PSA and BGS have steadily increased their grading services’ prices, especially over the last two years.
The two companies raised their rates in the first quarter of 2021. For PSA, this was the third increase in two years. These were significant increases. Indeed, at many service levels, the prices have nearly doubled.
PSA’s price surge seems to be a move to distinguish itself as the high-end grader in the industry and curtail its massive backlog of submissions. However, whatever their reasoning, the action has shifted the grading landscape, and collectors should alter their behavior accordingly.
One result of the news changes is that the PSA Quarterly Grading Specials are more valuable now than before the rate hikes.
First and foremost, most PSA Quarterly Grading Specials are only available to members of the PSA Collectors Club. If you regularly submit cards to PSA, you are probably already a member. If you aren’t, get on it.
After the March 2021 price increases, the club has two levels (as opposed to three previously):
…But the gold is sold out and has been for all of 2021.
So, what do you get for trading a Ben Franklin for a silver membership? Two things: value pricing and quarterly grading specials.
Value pricing might be the best bargain PSA currently offers, even at the current $20/card now. However, today we’re going to focus on the quarterly grading specials.
As the name implies, the quarterly grading specials change four times a year. To find out what the current specials are, simply visit the Quarterly Grading Specials page.
Typically, there are four or five different specials offered every quarter, but they are not limited to grading cards (although if you’re reading this, you might prefer otherwise). Other offers can focus on sports memorabilia such as autographed items or game tickets.
To get a feel for the offers, let’s look at an example. The January 1, 2021, through March 31, 2021 options include:
Also, note that the first three offers are only available to Collector’s Club members. Everybody can take advantage of the other two specials.
The deals change every quarter, but they are all more or less along the same lines.
So, to quickly recap, if you’re only interested in the grading of your cards, there will probably only be one special (or maybe two if you’re really lucky) that scratches that itch every quarter. As you can see from the “The Swingin’ Sixties” example, the focus is on a particular card type.
But… is it worth it?
The 2021 January-March grading specials are almost past at the time of writing. But since they are reasonably representative, we can still use them as a reliable indicator of these offers’ value.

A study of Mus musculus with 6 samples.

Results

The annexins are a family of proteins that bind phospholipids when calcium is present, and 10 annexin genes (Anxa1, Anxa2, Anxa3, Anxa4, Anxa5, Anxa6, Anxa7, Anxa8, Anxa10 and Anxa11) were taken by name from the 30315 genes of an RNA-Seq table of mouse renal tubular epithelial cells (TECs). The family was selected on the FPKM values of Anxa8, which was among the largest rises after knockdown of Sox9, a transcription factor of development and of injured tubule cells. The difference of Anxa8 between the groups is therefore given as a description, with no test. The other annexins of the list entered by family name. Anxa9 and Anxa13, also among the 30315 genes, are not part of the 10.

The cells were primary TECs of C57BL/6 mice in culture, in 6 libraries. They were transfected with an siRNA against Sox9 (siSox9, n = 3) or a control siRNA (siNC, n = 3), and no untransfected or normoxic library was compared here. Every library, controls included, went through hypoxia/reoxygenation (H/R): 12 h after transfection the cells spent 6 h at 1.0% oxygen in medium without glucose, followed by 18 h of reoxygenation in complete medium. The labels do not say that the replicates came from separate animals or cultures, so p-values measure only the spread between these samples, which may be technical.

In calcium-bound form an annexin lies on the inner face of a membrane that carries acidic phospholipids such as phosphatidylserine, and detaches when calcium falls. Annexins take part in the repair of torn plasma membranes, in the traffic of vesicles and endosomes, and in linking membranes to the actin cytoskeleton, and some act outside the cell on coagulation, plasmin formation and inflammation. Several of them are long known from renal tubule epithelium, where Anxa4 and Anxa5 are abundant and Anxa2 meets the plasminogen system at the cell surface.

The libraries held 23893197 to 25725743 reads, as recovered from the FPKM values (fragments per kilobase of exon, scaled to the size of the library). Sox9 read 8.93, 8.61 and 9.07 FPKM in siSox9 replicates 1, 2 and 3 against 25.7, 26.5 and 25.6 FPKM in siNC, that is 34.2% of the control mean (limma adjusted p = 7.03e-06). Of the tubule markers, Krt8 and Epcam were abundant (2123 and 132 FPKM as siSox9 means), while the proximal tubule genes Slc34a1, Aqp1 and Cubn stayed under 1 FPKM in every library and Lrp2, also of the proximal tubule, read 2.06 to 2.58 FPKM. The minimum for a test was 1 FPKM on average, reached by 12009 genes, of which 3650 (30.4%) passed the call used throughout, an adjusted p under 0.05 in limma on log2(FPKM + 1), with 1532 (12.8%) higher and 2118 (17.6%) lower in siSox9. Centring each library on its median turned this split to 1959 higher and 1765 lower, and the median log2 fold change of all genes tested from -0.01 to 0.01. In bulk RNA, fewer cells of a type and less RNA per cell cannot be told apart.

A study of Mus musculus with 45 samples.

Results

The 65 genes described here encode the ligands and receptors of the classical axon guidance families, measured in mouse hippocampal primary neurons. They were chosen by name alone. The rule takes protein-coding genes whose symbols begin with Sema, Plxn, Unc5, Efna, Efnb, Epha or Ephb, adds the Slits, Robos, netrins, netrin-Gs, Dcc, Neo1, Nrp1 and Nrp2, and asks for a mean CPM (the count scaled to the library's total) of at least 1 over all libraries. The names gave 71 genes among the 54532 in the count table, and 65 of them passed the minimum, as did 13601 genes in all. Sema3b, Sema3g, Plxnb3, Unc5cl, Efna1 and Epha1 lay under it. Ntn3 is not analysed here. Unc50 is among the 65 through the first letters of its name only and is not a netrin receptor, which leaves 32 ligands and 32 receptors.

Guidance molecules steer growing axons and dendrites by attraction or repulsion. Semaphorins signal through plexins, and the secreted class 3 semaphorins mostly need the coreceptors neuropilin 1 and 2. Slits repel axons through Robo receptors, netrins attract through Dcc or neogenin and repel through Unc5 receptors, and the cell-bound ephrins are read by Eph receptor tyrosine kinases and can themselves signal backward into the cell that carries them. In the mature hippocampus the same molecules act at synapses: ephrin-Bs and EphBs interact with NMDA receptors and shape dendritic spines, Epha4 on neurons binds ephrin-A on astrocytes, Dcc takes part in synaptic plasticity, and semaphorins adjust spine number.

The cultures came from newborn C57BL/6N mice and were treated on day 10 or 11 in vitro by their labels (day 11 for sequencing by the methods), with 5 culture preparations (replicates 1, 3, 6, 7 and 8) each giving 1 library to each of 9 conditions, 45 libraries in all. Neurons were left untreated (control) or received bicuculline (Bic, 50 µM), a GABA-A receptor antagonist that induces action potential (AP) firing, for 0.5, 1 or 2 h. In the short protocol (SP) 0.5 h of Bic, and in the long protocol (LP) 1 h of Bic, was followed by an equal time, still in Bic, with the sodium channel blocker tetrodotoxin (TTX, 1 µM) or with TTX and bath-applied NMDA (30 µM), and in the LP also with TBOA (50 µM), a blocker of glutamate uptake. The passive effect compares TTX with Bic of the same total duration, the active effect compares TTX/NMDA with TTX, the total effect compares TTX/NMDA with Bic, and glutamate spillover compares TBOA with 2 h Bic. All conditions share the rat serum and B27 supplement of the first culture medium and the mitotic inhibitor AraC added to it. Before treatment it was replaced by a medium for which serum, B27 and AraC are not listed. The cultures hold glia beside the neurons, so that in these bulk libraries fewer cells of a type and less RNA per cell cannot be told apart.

“The Swingin’ Sixties” discount is that all 1960’s baseball cards valued under $500 grade for $9.
As far as determining the quarterly special value, we can look at the question in two ways.
First is a simple calculation based on this question: how much money am I saving when I grade?
To determine that, let’s compare the $9 price to what they would grade for if they weren’t participating in the special.
If you wanted to grade a 1960’s baseball card and were NOT a member of the collector’s club, the cost would be $50 for “economy grading.”
If you wanted to grade a 1960’s baseball card and ARE a member of the collector’s club, the cost would be $20 for “value grading.”
So, if you are a member, the quarterly special will save you 55% on the grading cost of your 1960’s baseball card ($9 instead of $20). Examined this way, it is undoubtedly a good deal.
The other way to look at the value is by calculating how your return on investment (ROI). There are a lot of relevant factors, but this will significantly depend on several factors, including:
With so many factors at play, the best way to help you determine the ROI is simply providing a formula, which would look something like this:
For example, if you bought a card for $25 and sold it for $250 after grading…
From this hypothetical, you have a significantly improved ROI, but the difference in grading cost will impact the ROI less if the purchase price is higher.
Unfortunately, there are several unknowns here. For example, how much would the card sell for raw? How will PSA grade the card? But this formula does provide a general rule of the thumb.
While PSA raised prices for almost everything in March of 2021, the active grading specials’ price was one thing that didn’t change.
With that in mind, we can reason that the next grading special will probably not be quite as steep of a discount – if grading prices are going up, the specials’ price will probably go up, too.
But, even if the next grading special is something like, “1970’s basketball for $15/card,” that’s still 25% off the standard cost of value grading, so it might not be as great of a deal, but it’s still a deal worth taking using.
It is an open question if using PSA is still a good deal in the current market. However, if you use it, taking full advantage of any relevant quarterly specials is the way to go.